Monday, January 19, 2015

Which One is Wild Again?

Through the spirit of friendship and a relay system that snaked its way with several handoffs through a village bookstore in a pleasant hamlet of a town in the northern portion of a New York county, I now have in my possession a full deck of United States military issued archaeological playing cards given to U.S. troops deployed overseas.

This is not a violation of any espionage act and does not subject any of the parties to federal arrest. The cards are the real thing.

They remind me of when I was in grammar school and I'd always go to school with a black mechanical pencil from my father's employer. Since he worked as a civilian at the Brooklyn Navy Yard the pencil was etched: Property U.S. Government. I took plenty of tests with those pencils and was worried when the word on the spelling test was "government" and I held the correct spelling in my hand. I thought, that I could be called out for cheating. I wasn't. I already knew how to spell "'government," but was worried that the teacher might not believe my version of events. No such confrontation ever took place. The things you can find to worry about.

The playing cards were written about in 'The Lives of Ruins,' by Marilyn Johnson in another iteration of highlighting occupations of preservation. In this case, archaeologists.

A good portion of Ms. Johnson's book is devoted to the United States military's efforts to learn from the overly repetitive news footage by CNN that showed an ancient vase begin removed without permission from a Bagdad museum. Looted would be the word.

If you remember, the military took a solid p.r. hit on that one, but some jabs were returned when the Secretary of Defense, Donald Rumsfield did call CNN and ask them how many times were they going to show the same vase being removed in a news cycle? And truthfully, even Odell Becham's sensational one hand grab for the New York Giants in a recent losing game to the Dallas Cowboys wasn't shown as often as that vase that went out the front door. And we all know how many times Odell really caught the ball, right?

As described in 'Lives in Ruins' the Department of Defense (DoD) has made huge efforts to raise archaeological awareness amongst the troops, even with United States sites.

The deck of playing cards that I came in possession of reminds every viewer on EVERY card that ROE is first. Don't know what ROE is? Rules of Engagement. If being attacked from a protected sight, it is still in keeping with the rules of warfare to fire back.

I've apparently got the 'Respect Afghan Heritage' edition, a slick pack of 52 playing cards, with two jokers. How is the joker depicted? Here's where I'd like to catch Alex Trebek in an elevator and frame a Jeopardy-style question/answer that asks, "what image of Silenus, the jolly companion of the Greek god Dionysus put to in educating our troops?"

The answer Alex is: he's the Joker in the Afghan deck of heritage cards.

Silenus, apparently is a perfect image to use as a joker. He's a god's sidekick, an old guy with a beard and a head full of flowers. Just shows you, it wasn't all Greek philosophy those guys were into.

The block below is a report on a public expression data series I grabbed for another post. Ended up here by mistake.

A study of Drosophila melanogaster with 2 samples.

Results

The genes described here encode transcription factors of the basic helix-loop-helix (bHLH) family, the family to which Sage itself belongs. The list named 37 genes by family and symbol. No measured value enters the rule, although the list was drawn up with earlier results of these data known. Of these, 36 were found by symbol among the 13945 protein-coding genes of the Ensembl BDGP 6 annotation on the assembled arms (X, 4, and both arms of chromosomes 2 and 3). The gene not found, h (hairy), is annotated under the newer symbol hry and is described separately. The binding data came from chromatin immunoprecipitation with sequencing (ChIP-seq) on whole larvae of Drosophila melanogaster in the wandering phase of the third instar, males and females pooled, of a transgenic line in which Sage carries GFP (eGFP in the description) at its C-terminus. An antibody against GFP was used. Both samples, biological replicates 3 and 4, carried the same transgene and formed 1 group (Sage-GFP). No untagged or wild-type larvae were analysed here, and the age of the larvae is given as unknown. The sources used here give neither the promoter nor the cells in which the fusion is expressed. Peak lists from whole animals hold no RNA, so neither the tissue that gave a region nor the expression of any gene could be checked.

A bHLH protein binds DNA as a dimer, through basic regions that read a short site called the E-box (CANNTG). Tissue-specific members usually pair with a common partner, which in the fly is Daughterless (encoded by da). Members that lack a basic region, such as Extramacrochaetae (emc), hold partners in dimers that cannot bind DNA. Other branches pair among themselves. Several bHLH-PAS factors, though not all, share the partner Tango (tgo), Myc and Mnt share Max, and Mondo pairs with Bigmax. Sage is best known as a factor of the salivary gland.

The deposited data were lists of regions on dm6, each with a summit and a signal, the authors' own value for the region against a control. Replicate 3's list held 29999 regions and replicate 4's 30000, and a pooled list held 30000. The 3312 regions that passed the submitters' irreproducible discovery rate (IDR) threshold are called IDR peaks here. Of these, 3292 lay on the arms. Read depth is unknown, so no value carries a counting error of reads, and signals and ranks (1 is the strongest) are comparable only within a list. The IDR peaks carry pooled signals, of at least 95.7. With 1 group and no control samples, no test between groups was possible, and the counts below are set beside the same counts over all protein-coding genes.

There are an additional two cards in the pack, one that suggest how the cards can be used to create a jigsaw puzzle to solve.  On this one, I've really got to wonder how many soldiers have put the cards to this recreational use. God bless them if they have.

The fourth extra card tells of the mission to adhere to, and the spirit the cards are being issued in. There are enough military acronyms used that make you think a three year old has taken all the Scrabble tiles out and gone to town with them. Or, you're playing Scrabble with a really sore loser who insists they've just made a word. No matter. All the blurb is as described in Ms. Johnson's book.

And what's ON each card beside the suit and rank? Pictures of sites that might be encountered, advice about digging, a warning about selling artifacts, where to put your LZs (landing zones), the portion of military law that makes looting punishable, and signage that might be encountered that identifies a site as being protected.

There is even a picture of the Status of Liberty, against a background of a beautiful blue sky above which is a Golden Rule: "How would you feel if someone destroyed her torch?"

You can feel the wisenheimer in the meeting (you know there was a wisenheimer, and you know there was a meeting) that suggested that there be a variation of that admonishment using an aerial picture of the Pentagon, and another of the twin World Trade Center Towers. Cooler heads prevailed.

If anyone is old enough to have watched 'I Love Lucy' episodes (shown for the first time, or in reruns) you might remember the episode when Lucy cleaned out Ricky's closet and gave a shirt to Goodwill that apparently was Ricky's favorite. On finding out, a tirade of Spanish erupted from Ricky's, mouth and a search of the thrift stores in the neighborhood, with Fred in tow, ensued.

I can't complain that I've had the same thing happen to me, but the threat of a spouse throwing out a treasured piece of "junk" remains with all cohabitating couples.

There is no good idea that can't be copied, plagiarized, or adapted for another use. I surely don't have 52 shirts I could identify as personal relics, but I bet I could come up with 52 possessions I would not like to see removed under any circumstances. There are even things I'd like to protect from beyond the grave, but success at seeing those wishes adhered to is unreliable.

I'm working out the details, but my proposal, business plan, is simple. Create my own personal deck of cards designating clothes, objects, whatever, that I'd like to be respected and left alone. Distribute and update the deck to any and all household members who believe they need to throw things out because "no one is ever going to still want that."

There's got to be a market out there somewhere.